Birthday: April 8, 1737
Died At Age: 56
Sun Sign: Aries
Also Known As: Edward Gibbon FRS
Born Country: England
Born in: London, England
Famous as: Historian
Died on: January 16, 1794
place of death: London
City: London, England
Notable Alumni: University Of Oxford
Cause of Death: Peritonitis
education: University of Oxford, Magdalen College, Westminster School, Kingston Grammar School
Edward Gibbon was an English historian, scholar, rationalist and politician. He is widely known for authoring the book ‘The History of the Decline and Fall of the Roman Empire’. The book was published in six different volumes between 1776 and 1788. It is remembered for the quality as well as the irony of its prose, and also for criticizing organized religion. Born in Surrey, England, he was the son of Judith and Edward Gibbon. For the most of his childhood, he was ill with different ailments. However, as he reached puberty, his health improved, and he remained healthy as an adult. He studied at Magdalen College, Oxford, though he wasn’t very interested in his studies, and eventually turned to theology. His early works include ‘An Essay on the Study of Literature.’ Over the years, he gained popularity with the works ‘Critical Observations on the Sixth Book of the Aeneid’ and ‘The History of the Decline and Fall of the Roman Empire’. He passed away at the age of 56 in London, England.
Childhood & Early Life
Edward Gibbon was born on 8 May 1737, in Putney, Surrey, England. His parents were Judith and Edward Gibbon. He had six siblings, him being the eldest. Unfortunately, all of his siblings died in infancy. He suffered from poor health as a child. According to him, his mother neglected him.
At the age of nine, he was sent to study at Dr Woddeson’s school at Kingston upon Thames, which is now the Kingston Grammar School. He later studied at Westminster School boarding house, owned by Catherine Porten, his aunt. He remembered her for rescuing him from the disdain of his mother. As he reached puberty, his health also started improving.
Later, he studied at Magdalen College, in Oxford. However, he was expelled for turning into a Roman Catholic, a step he took against one of his tutors. Later, his father sent him to Lausanne, Switzerland.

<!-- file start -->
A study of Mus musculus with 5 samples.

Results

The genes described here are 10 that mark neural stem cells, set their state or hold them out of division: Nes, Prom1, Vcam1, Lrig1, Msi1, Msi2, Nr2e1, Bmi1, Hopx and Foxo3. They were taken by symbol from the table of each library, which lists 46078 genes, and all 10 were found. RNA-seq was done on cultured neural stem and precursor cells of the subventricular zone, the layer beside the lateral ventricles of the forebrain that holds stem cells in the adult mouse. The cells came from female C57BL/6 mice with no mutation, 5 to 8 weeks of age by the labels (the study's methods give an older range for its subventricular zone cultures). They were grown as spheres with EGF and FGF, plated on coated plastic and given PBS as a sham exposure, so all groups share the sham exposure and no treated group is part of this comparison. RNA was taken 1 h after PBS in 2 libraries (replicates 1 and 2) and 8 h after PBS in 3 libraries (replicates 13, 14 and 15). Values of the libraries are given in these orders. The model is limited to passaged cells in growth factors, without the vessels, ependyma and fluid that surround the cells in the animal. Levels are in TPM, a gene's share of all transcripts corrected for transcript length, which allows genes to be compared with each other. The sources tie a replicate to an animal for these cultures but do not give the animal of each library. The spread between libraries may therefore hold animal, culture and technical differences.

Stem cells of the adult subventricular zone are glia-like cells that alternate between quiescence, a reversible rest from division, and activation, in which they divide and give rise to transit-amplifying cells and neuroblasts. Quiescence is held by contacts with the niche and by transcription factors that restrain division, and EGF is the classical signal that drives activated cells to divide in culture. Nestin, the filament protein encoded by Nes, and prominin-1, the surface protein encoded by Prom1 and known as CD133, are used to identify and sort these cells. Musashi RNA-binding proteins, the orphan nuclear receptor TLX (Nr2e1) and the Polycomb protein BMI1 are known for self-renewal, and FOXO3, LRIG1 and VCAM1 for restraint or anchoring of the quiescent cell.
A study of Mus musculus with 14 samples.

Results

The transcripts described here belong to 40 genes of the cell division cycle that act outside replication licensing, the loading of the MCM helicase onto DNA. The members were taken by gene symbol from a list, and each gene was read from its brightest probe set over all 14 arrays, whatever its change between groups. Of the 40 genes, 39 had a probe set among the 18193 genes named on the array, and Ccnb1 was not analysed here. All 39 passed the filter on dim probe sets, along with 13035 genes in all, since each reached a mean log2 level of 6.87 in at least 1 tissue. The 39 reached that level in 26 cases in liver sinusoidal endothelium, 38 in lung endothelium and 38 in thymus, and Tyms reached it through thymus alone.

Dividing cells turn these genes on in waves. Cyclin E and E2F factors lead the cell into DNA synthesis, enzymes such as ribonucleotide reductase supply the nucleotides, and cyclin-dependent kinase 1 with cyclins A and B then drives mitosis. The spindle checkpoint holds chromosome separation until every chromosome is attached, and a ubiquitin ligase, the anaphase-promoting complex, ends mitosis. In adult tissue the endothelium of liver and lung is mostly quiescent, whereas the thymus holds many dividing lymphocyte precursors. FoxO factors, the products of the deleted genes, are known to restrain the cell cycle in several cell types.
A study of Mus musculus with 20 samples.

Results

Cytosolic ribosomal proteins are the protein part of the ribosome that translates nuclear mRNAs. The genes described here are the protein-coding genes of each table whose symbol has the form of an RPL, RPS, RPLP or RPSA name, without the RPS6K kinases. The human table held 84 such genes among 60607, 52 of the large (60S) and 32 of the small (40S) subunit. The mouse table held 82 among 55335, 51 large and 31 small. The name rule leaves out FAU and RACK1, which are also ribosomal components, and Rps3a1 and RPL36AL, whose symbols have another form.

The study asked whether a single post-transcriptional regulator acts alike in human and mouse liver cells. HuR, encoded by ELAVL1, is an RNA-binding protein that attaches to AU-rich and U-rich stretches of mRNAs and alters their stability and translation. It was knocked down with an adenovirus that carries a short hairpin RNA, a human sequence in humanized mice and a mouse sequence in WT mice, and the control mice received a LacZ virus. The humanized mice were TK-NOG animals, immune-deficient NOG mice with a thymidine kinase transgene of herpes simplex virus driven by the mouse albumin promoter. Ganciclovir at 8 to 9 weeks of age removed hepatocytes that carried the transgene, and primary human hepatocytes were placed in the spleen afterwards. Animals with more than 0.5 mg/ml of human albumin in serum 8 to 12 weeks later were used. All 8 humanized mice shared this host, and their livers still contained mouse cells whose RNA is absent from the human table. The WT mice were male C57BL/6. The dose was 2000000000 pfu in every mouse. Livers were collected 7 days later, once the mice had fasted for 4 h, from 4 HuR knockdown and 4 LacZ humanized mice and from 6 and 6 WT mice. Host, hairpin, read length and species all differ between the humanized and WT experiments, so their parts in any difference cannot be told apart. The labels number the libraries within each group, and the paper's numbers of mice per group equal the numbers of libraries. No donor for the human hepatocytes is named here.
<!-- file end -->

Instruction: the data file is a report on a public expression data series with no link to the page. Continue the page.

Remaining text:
It was during this time that he was acquainted with the famous philosopher Voltaire. During this time, he was under the care of a pastor named Daniel Pavillard, who made him revert to Protestantism.
Continue Reading Below
You May Like
Edward Gibbon mastered classical Latin literature, the language and literature of France, and was also involved in the study of mathematics and logic. Soon, he started working on his first work, which was written in French. Named ‘Essai sur l’étude de la litterature’, it was published in 1761. The English version, titled ‘An Essay on the Study of Literature,’ was published in 1764.
He later returned to his father’s house where he stayed till the latter passed away in 1770. He considered these years to be the worst time of his life.
During this time, he started writing his first historical narrative, ‘History of Switzerland’, in which he also expressed his love for the country. However, he abandoned the project after writing only sixty pages. These pages were found and published after his death by Lord Sheffield.
His next work was ‘Memoires Litteraires de la Grande Bretagne,’ which described England’s literary and social conditions of the time. It referenced Lord Lyttelton’s history of Henry II and ‘The Credibility of the Gospel History’. His following work, ‘Memoires Litteraires,’ didn’t gain much attention. Most of his fellow historians and scholars also considered it insignificant.
His reputation reached new heights after he finished and published ‘The History of the Decline and Fall of the Roman Empire’. Published on 17th February 1776, it is considered his life’s major work. The copies sold well, and he received two-thirds of the profits.
As he prepared to work on his next volumes, many critics made him a target of their ridicule and accused him of falsifying the evidence he referred to in his works. He gave a reply to them in ‘A Vindication of Some Passages in the Fifteenth and Sixteenth Chapters of the Decline and Fall of the Roman Empire’, which was published in 1779.
Most of Edward Gibbon’s later years were filled with mental sorrows and physical ailments. He was also deeply affected by the death of his friend Deyverdun, who had willed his home to him.
His health reached a critical condition over the years and he suffered from scrotal swelling. He also became very lonely. After the French Revolution broke out, he left for England. He eventually passed away in a house in St. James’ Street in London, on 16th January 1774.
’The History of the Decline and Fall of the Roman Empire’ is regarded as Edward Gibbon’s most important work. It is a six-volume book, with the first volume being published in 1776. The other volumes were published between 1780 and 1789.
The volumes trace western civilization as well as the history of Islamic and Mongolian conquests. The work is also known for its criticism of Abrahamic religions, especially Christianity.
Family & Personal Life
During his early years, when he was in Switzerland, Edward Gibbon fell in love with Suzanne Curchod. She was a pastor’s daughter, and was known to be charming as well as intelligent. However, his father and stepmother opposed their marriage, and Gibbon was compelled to end his relationship with Curchod. They still remained friends for some time.
Suzanne later married Jacques Necker, who was the finance minister under King Louis XVI of England.